The preliminary voter registration numbers for Douglas County announced last week are disappointing.
Despite the fact that the nation faces a pivotal presidential election along with many important state and local races, the county’s voter registration now is about 7 percent below the number in 2008, the last presidential election year. As of last week, the county had 78,402 registered voters, compared with 84,440 in 2008. County Clerk Jamie Shew said additional registrations that are mailed in or forwarded from the Kansas Department of Motor Vehicles this week will cause that number to rise by maybe 1,000, but it still will be well below four years ago.
The only explanation Shew offered for the decline was that his office had received fewer registrations from college campuses than in 2008. Perhaps college-age students are less inspired by this election than the one four years ago. There also is a chance that both students and other potential voters were confused or discouraged by the new Kansas law that requires voters to show government-issued photo identification at the polls. Kansas University IDs are issued by a government entity and can be used at the polls. Student IDs issued by a private school, like Baker University are valid but those issued to Baker faculty and staff are not. The decline in students registered in Douglas County may become even more pronounced after Jan. 1, when a new state law will require people registering in Kansas for the first time to show proof of U.S. citizenship.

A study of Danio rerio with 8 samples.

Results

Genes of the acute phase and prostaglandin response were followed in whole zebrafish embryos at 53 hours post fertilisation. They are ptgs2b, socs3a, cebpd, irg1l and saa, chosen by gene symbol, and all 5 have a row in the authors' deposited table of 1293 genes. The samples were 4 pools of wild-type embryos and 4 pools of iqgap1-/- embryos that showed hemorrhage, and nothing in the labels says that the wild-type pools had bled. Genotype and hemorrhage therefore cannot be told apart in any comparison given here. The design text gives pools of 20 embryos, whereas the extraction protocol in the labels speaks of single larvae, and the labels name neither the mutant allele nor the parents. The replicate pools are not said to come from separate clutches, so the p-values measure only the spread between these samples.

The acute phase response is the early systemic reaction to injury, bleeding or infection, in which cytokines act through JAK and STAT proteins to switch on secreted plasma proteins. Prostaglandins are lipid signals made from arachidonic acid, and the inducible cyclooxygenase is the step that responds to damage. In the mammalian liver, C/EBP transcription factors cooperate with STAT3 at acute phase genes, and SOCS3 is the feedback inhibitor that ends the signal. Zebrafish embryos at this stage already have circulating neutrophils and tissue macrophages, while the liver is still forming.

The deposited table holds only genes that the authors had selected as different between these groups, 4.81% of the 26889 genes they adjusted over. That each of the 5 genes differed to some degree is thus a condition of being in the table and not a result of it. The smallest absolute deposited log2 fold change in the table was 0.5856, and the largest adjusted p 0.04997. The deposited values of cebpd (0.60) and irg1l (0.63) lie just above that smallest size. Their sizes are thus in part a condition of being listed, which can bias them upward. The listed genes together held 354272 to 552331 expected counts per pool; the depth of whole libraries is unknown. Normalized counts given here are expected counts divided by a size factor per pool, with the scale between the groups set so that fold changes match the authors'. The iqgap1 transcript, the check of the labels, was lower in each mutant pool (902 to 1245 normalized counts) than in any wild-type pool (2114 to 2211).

The county’s voter registration has declined despite the fact that its population actually grew by about a 1.2 percent in the last census. The decline appears to be a nonpartisan affair. Democratic registration in the county dropped by about 7 percent while Republican registration dropped by about 8 percent. Registration of unaffiliated voters fell by about 3.4 percent.
Some Democrats may be discouraged from voting by the prospect that their vote in the presidential election might not matter in a state that’s almost certain to support the Republican candidate. That’s a weak excuse, especially when this year’s redistricting has produced so many competitive congressional and legislative races. Local voters also will decide an important Douglas County Commission race.
Douglas County has a less-than-stellar record for voter turnout. Only about 13 percent of registered voters showed up for last August’s primary election. It would be a sad commentary if the only way the county can boost its turnout figure is by lowering its overall registration.